We live next to the Russian Federation. At one point in time, Turkey was one of two NATO countries (together with Norway) that shared a common frontier with the Soviet Union. All of Ottoman history, starting from the 18th century, is made up of different battles and wars against the Russian Empire.
In just over 150 years, the Ottomans lost all their territories around the Black Sea and most of the Balkans, Crimea was submitted to Russian rule, the Caucasus was cleansed from Muslim populations — mostly Circassians and Georgians of Muslim faith — and both Istanbul’s suburban district of Yeşilköy (Agia Stephanos) and eastern province of Kars were invaded by Russian troops. It would not be misleading to say that the rise of the Russian Empire as a major European power has been done mostly through the demise of the Ottoman system.
This has left deep scars in the public’s memory. The “Muscovite” has always been seen by the archenemy and anything originating from Russia (including the Soviet-type socialist system) never encountered much support and sympathy in Turkey.
Moreover, late Turkish nationalism was mainly the intellectual product of Turkish philosophers and politicians who were originally from the Turkish populations of the Russian Empire, mainly from Kazan and Crimea.
İsmail Gaspıralı (Gasprisky), Yusuf Akçura, Ahmet Ağaoğlu (Agayef) are the most salient figures of this new, nascent “Turkish nationalism.” It would not be erroneous to say that Turkish nationalism has been created as a reaction to Russian expansion, but the latter has played a very important role in shaping this nationalism.
The existence of large Orthodox minorities within the empire has helped the Russians interfere easily in the internal problems within the Ottoman territory, especially the Balkans. This has also created a deep-going resentment vis-a-vis the Orthodox population of the Balkans. This is very tangible in the novels of Ömer Seyfettin, whose work is still very popular among young generations.
The Bolshevik revolution in Russia and the Kemalist revolution in Turkey changed this equation. Vladimir Lenin and Leon Trotsky supported the Turkish forces fighting in Anatolia by sending them ammunition and gold together with few military advisers.
The Soviet leadership continued to support Kemalist forces in spite of the fact that the whole Politburo of the Turkish Communist Party was assassinated in Trabzon by the henchmen used by the Kemalist movement (Later on, the leader of this gang, Topal Osman, revolted against the government in Ankara, creating almost a street war, before being killed).
The Turkish Republic, like the five-year development plans, accepted some of the Soviet-type development systems. Other than that, the model was not seen as implementable in Turkey and even before declaring the foundation of the Turkish Republic, the Turkish government organized in İzmir at a Congress of Economics where Turkish authorities declared to opt for a liberal, capitalistic regime, respectful of the right to own property.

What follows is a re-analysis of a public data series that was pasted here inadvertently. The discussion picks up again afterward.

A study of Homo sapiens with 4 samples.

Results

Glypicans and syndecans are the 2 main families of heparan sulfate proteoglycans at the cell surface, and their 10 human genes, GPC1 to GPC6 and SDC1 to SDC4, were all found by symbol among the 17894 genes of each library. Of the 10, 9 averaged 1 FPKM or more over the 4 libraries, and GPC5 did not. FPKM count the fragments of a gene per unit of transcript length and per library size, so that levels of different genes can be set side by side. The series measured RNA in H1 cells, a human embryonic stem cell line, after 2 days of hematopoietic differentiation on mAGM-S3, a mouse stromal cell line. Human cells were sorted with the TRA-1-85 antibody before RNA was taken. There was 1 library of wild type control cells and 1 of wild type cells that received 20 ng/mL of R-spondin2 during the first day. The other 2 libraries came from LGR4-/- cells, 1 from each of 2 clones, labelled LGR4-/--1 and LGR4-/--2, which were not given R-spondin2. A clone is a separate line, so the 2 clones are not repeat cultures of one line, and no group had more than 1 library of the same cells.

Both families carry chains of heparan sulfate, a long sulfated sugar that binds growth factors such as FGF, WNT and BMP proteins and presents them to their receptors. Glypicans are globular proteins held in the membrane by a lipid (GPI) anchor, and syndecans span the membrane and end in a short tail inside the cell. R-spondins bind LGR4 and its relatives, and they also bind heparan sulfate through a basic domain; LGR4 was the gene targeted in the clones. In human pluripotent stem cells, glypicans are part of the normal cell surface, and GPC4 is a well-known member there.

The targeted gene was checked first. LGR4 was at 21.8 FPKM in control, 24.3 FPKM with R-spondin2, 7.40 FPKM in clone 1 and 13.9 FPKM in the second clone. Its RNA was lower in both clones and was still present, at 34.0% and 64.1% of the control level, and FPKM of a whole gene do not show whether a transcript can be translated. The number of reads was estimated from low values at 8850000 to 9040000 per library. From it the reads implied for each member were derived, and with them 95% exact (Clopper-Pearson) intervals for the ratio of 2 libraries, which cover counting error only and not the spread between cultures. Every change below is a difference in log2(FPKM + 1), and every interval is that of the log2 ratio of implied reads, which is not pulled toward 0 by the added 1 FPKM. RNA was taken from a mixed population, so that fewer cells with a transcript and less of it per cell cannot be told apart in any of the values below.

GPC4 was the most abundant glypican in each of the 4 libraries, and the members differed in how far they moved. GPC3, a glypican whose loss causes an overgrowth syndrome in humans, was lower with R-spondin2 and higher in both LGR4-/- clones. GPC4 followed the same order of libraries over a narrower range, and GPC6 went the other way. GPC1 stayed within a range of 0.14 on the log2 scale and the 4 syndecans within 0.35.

On the other hand, the young Turkish Republic had to accept to pay back the loans of the Ottoman Empire, whilst the Bolshevik government plainly refused to pay back the Russian Empire’s debts. The choices made by Russian and Turkish revolutions divided the path of these two countries for good. The relations remained more or less friendly until World War II.
After the war, Joseph Stalin voiced demands of territory in Kars and Ardahan, invoking Armenian massacres, while the Truman doctrine encompassed both Turkey and Greece within the Western sphere of domination.
In the bipolar world, Turkey remained staunchly anti-communist and served as the most exposed NATO country. This did not prevent some good realpolitik steps, like purchasing steel mill industrial technology from the Soviets.
However, political relations remained at best dormant for decades. After the dissolution of the Soviet Union, Turkey wanted to establish close relations with the Turkish republics of Central Asia, but the initiative remained highly symbolic and disappeared over time.
In the meantime, Russian diplomacy, loyal to Soviet traditions, never professed any enmity against Turkey but did everything to prevent Turkey’s influence from getting stronger.
During the Annan Plan, Greek Cypriot public opinion was evenly divided, Russia’s influence over the almighty Cypriot Communist Party AKEL changed the situation. With a loyal electorate of around 30%, AKEL’s volte-face created a huge opposition to the Annan Plan which was rejected by almost three-fourths of the votes cast, while the Turkish side overwhelmingly supported the reunification of the island.
We now see the implications of a reunited island over Turkey and Russia’s external relations. It is a huge disadvantage for Turkey, as much as it is an advantage and gain for Russia.
Russia, which never openly confronted Turkey (the downing of the jet over Syria was an exception), will continue its long-lasting strategy to always keep alive Turkish problems. When Abdullah Öcalan flew from Syria in 1998, he went to Moscow.
Establishing closer relations with Russia is not a bad idea. As the saying goes, keep your friends close and your enemies even closer. Nevertheless, thinking that a long-lasting commercial and military alliance can be forged between Russia and Turkey sounds more like a bad sci-fi film than reality.